We started our travels using the Campaign for Real Ale Good Beer Guide, staying at pubs, some with campsites, but often in their car parks; buying food and drink in these important, but declining, national amenities.
However, what makes our story unusual, is as much about the motorhome as taking up the pastime.
The spirit of adventure
In August 1972, my school-friend Spyke and I – two long-haired hippies – planned to join a butterfly and moth field trip from Nottingham to Derbyshire.
It was a bank holiday weekend, the weather was mediocre and no-one else showed, so we decided to hitch-hike and see where we ended up.
We got a lift and a few hours later found ourselves in a small village in the Black Mountains in Wales.
We looked for insects, had a few beers and hitch-hiked back. It took most of the remaining weekend!
Spyke was with me when I met my wife, Amanda, and became a dear family friend.
Forty years on and those ageing hippies, now bald, looked so alike that we were often taken for brothers, and Spyke always quipped that we were only related by girth. Still close friends, we retired, and I held his hand as he died after a short illness.
Making dreams real
Amanda and I had often dreamed of buying a motorhome. And once the children had left home we began to discuss it as a possibility.
I love travel and photography, and because Amanda is now disabled we felt it would suit us.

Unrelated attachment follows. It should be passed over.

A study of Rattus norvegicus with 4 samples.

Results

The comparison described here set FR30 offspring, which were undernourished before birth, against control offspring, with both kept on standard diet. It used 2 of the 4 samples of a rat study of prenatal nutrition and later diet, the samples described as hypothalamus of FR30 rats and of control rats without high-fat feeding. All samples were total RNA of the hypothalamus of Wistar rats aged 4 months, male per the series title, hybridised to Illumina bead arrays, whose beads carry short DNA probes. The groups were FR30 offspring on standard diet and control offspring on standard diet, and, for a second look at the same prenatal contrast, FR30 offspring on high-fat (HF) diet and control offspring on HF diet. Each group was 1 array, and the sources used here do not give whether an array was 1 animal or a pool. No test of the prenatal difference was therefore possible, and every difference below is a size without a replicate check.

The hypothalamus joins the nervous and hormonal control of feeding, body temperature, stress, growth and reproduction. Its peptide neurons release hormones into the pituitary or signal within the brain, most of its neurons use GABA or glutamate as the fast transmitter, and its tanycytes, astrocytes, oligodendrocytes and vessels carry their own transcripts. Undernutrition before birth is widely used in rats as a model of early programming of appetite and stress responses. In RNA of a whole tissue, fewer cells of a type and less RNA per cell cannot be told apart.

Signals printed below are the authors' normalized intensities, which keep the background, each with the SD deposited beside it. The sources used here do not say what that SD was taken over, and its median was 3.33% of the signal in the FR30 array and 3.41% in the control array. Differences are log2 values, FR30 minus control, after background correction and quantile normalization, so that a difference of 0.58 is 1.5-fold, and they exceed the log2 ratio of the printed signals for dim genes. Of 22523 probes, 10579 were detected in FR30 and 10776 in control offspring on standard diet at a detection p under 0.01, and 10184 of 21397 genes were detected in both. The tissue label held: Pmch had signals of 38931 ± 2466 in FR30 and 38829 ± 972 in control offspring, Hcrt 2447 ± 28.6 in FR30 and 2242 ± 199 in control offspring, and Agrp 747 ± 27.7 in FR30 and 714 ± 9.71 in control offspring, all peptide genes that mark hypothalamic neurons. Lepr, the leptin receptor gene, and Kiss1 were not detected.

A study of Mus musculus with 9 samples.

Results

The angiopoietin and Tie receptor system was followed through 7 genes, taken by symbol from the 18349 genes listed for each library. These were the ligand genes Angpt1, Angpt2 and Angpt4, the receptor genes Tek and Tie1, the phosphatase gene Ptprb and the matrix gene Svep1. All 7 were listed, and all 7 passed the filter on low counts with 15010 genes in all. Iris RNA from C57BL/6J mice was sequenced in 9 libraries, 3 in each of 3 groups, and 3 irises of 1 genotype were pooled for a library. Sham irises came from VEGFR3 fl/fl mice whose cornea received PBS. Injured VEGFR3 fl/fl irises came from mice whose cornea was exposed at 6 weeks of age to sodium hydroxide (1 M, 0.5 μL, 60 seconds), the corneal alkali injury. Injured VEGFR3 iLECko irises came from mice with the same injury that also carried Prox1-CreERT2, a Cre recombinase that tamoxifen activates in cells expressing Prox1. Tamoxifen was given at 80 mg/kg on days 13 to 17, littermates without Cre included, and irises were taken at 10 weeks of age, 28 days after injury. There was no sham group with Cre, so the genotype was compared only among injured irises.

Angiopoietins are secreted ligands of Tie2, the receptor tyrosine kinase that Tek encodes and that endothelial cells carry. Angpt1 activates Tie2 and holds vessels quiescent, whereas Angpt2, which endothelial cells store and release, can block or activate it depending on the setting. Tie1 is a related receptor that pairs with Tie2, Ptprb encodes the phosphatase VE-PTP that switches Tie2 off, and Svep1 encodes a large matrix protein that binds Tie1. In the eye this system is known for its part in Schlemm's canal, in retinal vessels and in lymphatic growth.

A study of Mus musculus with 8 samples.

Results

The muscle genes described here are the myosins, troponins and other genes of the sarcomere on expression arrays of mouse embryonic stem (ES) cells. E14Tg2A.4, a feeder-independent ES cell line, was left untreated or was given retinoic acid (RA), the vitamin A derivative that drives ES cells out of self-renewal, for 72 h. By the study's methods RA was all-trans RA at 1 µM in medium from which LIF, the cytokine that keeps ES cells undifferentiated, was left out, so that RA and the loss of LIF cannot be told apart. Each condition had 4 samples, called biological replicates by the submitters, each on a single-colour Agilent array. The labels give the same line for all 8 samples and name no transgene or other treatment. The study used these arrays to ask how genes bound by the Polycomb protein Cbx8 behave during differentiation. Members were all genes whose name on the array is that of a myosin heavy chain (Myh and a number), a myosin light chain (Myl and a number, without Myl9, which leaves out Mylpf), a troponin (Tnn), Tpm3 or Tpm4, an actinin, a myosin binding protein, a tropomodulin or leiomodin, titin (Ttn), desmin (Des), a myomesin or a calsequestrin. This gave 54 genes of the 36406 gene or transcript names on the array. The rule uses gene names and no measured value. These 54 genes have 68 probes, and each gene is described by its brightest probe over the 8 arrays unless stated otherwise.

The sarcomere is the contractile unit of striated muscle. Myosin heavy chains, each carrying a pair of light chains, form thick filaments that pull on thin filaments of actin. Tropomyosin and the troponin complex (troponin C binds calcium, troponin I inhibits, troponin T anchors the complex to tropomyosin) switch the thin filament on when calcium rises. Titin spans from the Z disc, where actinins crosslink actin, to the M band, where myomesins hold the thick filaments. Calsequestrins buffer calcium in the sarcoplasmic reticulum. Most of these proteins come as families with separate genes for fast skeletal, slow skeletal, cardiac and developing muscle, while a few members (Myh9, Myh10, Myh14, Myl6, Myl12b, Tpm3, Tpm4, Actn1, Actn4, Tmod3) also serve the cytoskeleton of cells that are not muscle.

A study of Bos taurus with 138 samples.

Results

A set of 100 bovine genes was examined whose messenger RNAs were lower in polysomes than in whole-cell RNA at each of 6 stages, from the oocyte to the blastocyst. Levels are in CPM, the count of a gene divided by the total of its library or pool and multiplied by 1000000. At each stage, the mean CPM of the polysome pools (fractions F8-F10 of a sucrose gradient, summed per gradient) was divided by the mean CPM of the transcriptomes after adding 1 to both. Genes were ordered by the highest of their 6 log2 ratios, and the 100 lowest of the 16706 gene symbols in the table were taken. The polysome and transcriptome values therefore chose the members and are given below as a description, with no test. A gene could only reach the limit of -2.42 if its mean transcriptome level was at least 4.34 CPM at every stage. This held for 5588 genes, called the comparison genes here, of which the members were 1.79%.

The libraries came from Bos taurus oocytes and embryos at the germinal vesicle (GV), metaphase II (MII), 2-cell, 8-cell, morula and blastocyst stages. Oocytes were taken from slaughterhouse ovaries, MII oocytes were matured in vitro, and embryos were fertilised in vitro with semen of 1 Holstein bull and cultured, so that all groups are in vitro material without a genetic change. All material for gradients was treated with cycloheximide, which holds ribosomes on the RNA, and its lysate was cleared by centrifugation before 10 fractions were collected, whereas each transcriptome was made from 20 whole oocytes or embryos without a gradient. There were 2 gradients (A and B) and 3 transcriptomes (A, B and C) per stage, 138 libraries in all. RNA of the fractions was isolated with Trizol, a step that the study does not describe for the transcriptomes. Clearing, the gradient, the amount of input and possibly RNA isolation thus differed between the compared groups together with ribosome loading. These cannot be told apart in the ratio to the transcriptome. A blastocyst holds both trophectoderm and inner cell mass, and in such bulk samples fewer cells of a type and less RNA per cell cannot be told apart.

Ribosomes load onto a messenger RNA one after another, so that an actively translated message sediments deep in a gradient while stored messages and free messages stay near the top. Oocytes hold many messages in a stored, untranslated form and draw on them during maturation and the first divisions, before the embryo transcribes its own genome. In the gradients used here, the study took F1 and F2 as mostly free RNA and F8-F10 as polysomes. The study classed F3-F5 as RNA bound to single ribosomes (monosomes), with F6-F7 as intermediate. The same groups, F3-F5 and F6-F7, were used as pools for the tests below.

While visiting Spyke in hospital we had chatted about motorhomes and he had said that we should get one – unknown to us he had bequeathed us some money.
We had little idea of what we needed in a ’van other than a fixed bed, but a few weeks after his death, on a whim, we decided to have a look around a local dealership, though with no plans to buy.
The perfect ending
The two-year-old Chausson, with very low mileage, had arrived at the dealership that day. It somehow felt right, so we took it for a test drive and, despite that lack of research, paid a deposit and bought it!
When the registration document arrived I opened the envelope and was proud to see my name as the registered keeper.
I read down and the tears flowed freely as I saw the address of the previous keeper – in the same small village in the Black Mountains that Spyke and I had visited all those years ago.
Amanda said it was typical of him to find a way to send his blessings; I simply feel that it is a strange and spooky coincidence.